Let’s get better at forms #1: The form element and its children

Forms are an essential part of making the web accessible. Not only that, but they provide a lot of functionality out of the gate that we sometimes take for granted or even re-implement ourselves with brittle JavaScript solutions.

<form action="path/to/myFormHandler.php" method="post" id="myForm">


The url the backend will use to handle form data. This is required if the form is to function without the use of JavaScript.


Should be either "get" or "post". The default is "get" but I find it more predictable and explicit to always include the method attribute.


  • encodes form data into the url, and can be bookmarked
  • should be used for requests that have no side-effects, such as a search form
  • should NOT be used for any kind of sensitive data, such as passwords
  • is restricted by the safe url limit of browsers and web servers (generally, a good rule of thumb to be below 2048 characters)
  • is restricted to ascii characters to be url-safe
  • can be cached due to the lack of server-side effects


  • encoded form data into the request body, and cannot be bookmarked
  • should be used for forms that create/modify/delete data, such as signup and user profile editing
  • should be used (in conjunction with HTTPS) for submitting sensitive data to the server
  • supports file uploading and large parameter payloads


While the id attribute is not strictly required, I find it very useful to include on the base form element for a few reasons.

  • Using an ID exposes the form to the document’s list of forms via JavaScript, available at document.forms.myForm. This gives the developer a simple, clear, and efficient way to access any form on the page instead of having to resort to queries such as $('form.myFormClass')[0] or document.querySelector('form.myFormClass').
  • It allows you to deep link to a form, just like any other ID-labelled element.
  • HTML5 introduced a new form attribute on form controls that allows the form to include them even if they're not a descendant of the <form> element. While support is questionable now, its use in the future may reduce the number of styling hacks needed when creating form markup.

Children of the form

Controls within the form all share a few characteristics. When the form is submitted, controlls within the form send their current values to the server.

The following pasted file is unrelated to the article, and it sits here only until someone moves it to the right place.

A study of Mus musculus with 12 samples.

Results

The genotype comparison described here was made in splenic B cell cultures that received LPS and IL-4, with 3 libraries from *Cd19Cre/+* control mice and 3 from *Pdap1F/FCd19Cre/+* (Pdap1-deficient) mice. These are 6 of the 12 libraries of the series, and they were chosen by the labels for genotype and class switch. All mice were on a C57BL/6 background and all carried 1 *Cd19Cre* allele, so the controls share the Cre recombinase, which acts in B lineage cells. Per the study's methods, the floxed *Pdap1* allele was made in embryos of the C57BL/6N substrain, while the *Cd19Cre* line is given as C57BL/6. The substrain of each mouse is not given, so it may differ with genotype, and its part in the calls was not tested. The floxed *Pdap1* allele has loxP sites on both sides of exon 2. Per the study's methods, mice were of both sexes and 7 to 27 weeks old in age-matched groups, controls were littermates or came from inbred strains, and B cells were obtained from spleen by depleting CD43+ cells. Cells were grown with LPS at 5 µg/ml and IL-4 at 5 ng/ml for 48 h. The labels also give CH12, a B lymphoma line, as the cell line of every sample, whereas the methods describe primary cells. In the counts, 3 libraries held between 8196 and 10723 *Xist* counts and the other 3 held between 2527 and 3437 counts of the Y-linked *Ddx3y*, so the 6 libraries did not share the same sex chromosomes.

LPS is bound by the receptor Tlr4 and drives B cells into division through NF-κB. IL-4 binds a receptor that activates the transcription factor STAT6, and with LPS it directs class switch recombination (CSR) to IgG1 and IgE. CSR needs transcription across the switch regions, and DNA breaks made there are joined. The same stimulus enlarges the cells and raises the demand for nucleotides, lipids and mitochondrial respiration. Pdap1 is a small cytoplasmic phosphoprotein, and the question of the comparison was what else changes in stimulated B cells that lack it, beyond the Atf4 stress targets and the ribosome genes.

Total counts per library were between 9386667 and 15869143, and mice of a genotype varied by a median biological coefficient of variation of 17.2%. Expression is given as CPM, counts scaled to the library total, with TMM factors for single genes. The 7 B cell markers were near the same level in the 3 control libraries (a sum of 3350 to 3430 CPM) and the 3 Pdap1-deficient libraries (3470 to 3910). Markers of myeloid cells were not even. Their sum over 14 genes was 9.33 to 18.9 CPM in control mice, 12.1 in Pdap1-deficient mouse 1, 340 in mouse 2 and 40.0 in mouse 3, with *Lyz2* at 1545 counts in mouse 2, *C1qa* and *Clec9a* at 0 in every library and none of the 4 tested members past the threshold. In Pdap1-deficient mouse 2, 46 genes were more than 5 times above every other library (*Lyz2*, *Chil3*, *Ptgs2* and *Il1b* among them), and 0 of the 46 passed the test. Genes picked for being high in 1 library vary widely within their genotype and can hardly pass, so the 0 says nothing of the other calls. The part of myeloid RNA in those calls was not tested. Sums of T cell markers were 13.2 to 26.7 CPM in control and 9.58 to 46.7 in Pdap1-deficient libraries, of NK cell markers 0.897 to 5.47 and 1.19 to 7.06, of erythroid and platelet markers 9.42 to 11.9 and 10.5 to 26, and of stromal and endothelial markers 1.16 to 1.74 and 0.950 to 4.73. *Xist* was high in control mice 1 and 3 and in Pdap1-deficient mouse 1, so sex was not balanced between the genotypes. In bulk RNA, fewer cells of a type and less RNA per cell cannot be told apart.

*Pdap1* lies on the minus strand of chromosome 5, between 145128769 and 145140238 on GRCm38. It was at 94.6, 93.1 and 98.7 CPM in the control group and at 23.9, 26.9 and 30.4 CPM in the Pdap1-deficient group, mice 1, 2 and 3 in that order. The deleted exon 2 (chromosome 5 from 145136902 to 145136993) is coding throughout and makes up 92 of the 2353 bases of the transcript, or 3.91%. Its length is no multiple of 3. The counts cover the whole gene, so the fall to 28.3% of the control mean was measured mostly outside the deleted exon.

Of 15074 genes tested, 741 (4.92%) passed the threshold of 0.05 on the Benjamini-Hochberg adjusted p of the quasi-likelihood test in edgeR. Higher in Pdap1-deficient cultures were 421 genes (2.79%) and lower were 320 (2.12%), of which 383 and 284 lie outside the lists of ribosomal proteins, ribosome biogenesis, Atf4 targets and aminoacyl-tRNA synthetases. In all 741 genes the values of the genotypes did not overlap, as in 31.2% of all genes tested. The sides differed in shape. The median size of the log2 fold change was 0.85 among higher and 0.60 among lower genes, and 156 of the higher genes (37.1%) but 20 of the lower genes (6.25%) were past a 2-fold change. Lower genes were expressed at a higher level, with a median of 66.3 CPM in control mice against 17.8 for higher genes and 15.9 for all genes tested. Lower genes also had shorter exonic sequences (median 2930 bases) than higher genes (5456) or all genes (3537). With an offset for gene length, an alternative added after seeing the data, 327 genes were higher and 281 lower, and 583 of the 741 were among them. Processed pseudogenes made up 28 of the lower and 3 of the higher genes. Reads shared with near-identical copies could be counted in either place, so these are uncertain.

Initial value

Most form controls have an initial value set. If it's a binary input like a checkbox or radio button, the initial value is whether or not it's checked. Text inputs have an initial value specified in the value attribute.

Initial values come into play when a form is reset, either by the user interacting with a reset button or calling the reset() method on the form via JavaScript.

id vs name

These two similar attributes are often a cause of confusion. While they both label the control, they actually serve two different purposes.

Use an id attribute to identify a specific form control. Doing so will allow a <label> element to target the control with its for attribute. Another benefit of using an ID is that, similar to document.forms, a shortcut is provided in the DOM API to select form elements with IDs. We’ll go into more depth later. id attributes must be non-empty and unique within the page.

The name attribute serves a couple of purposes on controls. First, it is the key used when sending data to the server in key-value pairs. For example, searching for "R2D2" in a form where the search input has a name of "search" might end with this: ?search=R2D2. The second use is grouping elements such as radio buttons. Radio buttons with the same name will limit the number of checked buttons to 1 element in the set. name attributes CAN be duplicated within a form, and therefore, are not a fool-proof way to select an element.

Disabled states

Form controls, such as <input> elements, have a binary disabled attribute that has a few side effects. Disabled controls:

  • are often greyed out by the browser and user interaction is prohibited
  • are NOT sent to the server via form submission
  • do not validate via HTML5 form validation
  • can be styled with the :disabled css selector (IE9+) or the [disabled] css attribute selector (IE7+).

Controlling the form

There are a few key ways to manipulate a form via JavaScript. Here are the essentials.


Submitting a form via JavaScript will send data to the server. This mimics what would happen if the user clicked a submit button.


Reset will clear the form and reset each control to its initial value.


Similar to document.forms, the DOM provides a collection on the form element itself called elements. Using this collection, we can grab a reference to any form control child with an ID by using form.element.myControlID.


Now that we’ve started from scratch with forms, we can look at more complex patterns within them. To recap what we’ve covered here:

  • Forms need action, method, and (preferrably) id attributes.
  • Use "get" and "post" correctly and responsibly.
  • Form elements have initial values that can be easily reset.
  • Disabled elements behave differently than normal controls.
  • Make use of document.forms and form.elements to simplify DOM selection and traversal.